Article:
Consequences of Overeating
Large meal portions and extra servings can affect our waistline, our wallets and the fate of our planet. But, why exactly do we overeat?
Why We Overeat
Studies show that certain foods (especially sweets and fatty foods) have a drug-like effect, causing a pleasure sensation in the brain. Eating too much of these foods can “cause long-term changes” in our brain. Over time we would have to eat more of these foods to get the same amount of pleasure. Unfortunately, overeating and little exercise can lead to obesity.
According to the World Health Organization, 1.4 billion adults and 40 million children (under the age of five) are overweight. And the worldwide obesity rate has doubled since 1980. Obesity can lead to many health complications that kill millions of people each year including arthritis, cancer, diabetes, depression, heart disease and sleep apnea.
The Costs of Overeating
Obesity has financial costs as well. Data shows that obesity can cost a person $2,600 to $4,900 each year in lost wages (due to low productivity) and rising cost of health and life insurance, and even gasoline costs. In American alone, it’s estimated that $450 billion is spent per year on indirect obesity costs including clothing, food, short-term disability, and surgery.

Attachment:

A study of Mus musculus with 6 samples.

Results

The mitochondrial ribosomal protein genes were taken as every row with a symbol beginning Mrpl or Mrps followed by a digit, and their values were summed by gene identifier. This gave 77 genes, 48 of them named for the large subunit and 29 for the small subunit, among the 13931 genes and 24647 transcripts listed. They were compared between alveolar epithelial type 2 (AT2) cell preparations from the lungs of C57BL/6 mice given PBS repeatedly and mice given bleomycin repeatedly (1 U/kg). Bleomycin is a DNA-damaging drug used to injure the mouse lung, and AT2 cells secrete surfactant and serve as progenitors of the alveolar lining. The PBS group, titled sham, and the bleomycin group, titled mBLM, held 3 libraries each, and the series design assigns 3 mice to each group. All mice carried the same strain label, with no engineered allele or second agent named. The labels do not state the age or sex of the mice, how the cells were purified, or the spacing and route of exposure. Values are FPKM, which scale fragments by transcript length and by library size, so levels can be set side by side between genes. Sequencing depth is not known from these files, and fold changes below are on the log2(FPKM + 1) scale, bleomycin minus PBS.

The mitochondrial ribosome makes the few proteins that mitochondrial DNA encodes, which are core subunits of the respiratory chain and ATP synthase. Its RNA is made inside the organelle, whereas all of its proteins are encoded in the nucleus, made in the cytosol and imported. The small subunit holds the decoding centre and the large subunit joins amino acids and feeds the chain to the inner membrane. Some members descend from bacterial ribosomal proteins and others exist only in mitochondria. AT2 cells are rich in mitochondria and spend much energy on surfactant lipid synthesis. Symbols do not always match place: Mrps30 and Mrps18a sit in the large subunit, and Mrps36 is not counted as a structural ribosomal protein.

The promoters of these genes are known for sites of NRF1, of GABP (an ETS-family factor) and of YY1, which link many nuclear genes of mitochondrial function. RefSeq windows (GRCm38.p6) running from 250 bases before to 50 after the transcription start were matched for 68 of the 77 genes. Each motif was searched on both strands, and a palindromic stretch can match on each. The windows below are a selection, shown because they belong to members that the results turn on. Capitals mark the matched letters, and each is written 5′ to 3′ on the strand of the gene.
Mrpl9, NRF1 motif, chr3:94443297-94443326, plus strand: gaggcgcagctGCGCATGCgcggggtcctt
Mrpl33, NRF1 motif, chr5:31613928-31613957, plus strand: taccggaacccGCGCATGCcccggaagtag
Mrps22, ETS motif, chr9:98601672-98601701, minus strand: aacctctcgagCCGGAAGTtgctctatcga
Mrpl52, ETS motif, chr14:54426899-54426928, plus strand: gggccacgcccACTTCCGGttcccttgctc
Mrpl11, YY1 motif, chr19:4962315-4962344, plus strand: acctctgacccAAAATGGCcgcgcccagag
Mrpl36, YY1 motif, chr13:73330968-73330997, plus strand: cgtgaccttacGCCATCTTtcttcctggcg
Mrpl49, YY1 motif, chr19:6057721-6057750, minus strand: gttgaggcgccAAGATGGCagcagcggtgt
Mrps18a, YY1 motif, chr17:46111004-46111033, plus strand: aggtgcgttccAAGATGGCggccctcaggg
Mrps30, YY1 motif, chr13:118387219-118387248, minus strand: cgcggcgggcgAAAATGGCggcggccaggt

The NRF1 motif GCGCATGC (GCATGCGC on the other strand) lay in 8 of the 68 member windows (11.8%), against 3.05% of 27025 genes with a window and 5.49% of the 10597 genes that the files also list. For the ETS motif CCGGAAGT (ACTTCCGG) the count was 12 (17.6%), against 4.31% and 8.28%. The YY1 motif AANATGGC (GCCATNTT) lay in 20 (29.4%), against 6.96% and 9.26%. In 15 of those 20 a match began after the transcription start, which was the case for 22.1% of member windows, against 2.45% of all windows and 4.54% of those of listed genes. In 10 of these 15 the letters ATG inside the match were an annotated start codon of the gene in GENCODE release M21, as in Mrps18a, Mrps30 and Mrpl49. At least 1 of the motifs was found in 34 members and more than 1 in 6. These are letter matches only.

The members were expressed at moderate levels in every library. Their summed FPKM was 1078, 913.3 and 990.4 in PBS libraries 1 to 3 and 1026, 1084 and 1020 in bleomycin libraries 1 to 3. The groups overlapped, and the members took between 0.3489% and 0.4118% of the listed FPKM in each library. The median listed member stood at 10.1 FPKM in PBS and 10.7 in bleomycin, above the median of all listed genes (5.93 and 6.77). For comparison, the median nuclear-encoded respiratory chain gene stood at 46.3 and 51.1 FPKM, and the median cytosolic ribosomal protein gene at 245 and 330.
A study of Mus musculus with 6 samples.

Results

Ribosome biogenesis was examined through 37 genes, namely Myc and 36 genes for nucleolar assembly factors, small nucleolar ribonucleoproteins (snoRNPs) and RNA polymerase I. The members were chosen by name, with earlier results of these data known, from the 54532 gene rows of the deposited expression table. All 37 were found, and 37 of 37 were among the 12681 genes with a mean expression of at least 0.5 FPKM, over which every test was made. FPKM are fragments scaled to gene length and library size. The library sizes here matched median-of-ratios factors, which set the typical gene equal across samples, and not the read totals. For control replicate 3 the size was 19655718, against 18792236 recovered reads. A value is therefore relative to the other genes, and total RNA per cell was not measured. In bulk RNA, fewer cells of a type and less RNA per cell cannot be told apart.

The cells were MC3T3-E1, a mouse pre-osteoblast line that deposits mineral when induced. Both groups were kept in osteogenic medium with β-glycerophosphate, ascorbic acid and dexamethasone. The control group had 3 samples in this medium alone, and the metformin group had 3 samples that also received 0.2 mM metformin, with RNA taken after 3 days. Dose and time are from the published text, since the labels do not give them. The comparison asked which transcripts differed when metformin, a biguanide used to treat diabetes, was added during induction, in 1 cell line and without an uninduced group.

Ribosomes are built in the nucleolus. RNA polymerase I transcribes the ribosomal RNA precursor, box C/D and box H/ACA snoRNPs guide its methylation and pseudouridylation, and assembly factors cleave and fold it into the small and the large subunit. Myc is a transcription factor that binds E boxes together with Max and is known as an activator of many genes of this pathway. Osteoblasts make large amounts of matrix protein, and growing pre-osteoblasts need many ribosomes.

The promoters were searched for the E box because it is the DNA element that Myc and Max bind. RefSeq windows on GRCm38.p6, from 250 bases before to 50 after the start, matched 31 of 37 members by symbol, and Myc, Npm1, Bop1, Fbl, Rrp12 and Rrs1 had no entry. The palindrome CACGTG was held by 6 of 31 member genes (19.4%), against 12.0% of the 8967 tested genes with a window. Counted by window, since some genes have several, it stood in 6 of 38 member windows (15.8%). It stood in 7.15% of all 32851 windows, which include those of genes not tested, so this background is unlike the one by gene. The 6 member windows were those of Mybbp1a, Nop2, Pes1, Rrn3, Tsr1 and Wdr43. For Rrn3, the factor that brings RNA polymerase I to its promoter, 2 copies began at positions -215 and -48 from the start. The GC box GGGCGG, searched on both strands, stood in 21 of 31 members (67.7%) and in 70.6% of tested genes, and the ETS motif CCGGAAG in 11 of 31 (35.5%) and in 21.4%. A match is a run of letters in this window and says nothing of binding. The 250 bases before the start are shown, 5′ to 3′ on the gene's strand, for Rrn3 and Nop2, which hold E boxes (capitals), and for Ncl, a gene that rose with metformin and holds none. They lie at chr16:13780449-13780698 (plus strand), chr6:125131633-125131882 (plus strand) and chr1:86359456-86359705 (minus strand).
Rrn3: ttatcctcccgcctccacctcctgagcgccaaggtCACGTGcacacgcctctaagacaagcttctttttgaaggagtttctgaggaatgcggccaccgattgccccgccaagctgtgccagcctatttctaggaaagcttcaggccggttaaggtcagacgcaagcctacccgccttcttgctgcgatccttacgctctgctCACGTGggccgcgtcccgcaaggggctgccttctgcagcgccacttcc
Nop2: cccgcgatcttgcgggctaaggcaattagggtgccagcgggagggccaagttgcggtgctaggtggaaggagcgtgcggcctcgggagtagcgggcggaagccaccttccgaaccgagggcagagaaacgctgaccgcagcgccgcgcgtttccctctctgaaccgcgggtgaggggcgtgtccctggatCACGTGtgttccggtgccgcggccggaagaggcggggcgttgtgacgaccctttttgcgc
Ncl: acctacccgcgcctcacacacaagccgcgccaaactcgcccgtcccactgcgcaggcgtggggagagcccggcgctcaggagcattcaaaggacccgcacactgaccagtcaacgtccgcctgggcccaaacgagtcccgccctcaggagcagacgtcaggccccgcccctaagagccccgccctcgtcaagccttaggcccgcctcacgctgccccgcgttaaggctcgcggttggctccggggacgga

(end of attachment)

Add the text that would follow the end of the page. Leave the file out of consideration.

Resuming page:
Our eating habits also affect global survival. Researchers in London LSHTM prove that obesity is a major threat to our global food security and ecological sustainability. This is because heavier bodies require more energy (food) to move, and this means less food to go around. As the population and obesity rate rises, this could mean a world of trouble.
How to Stop Overeating
We can all do our part by living healthier lives, if not for ourselves, for the sake of our planet. A little exercise and the Mindful Eating Everyday® tips listed below could do a lot of good.
- Take small bites and eat slowly. Research shows that cutting food into smaller pieces makes you feel satisfied quicker. And eating slowly allows our bodies to send special hormones to our brain, signaling our brains that we’re full sooner.
- Trick the eye. Smaller plates with bright foods (in a creative arrangement) will trick the brain into thinking that a smaller portion is adequate.
- Eat filling foods. Consider eating more of foods that are low in calories that make you feel satisfied longer like eggs, whole-meal bread, apples, and grapes.
- Repeat a food mantra. Select a mantra and repeat it to yourself. Meditate and take time for self-introspection. “I will only eat food that’s nourishing.” “Food is good in moderation.”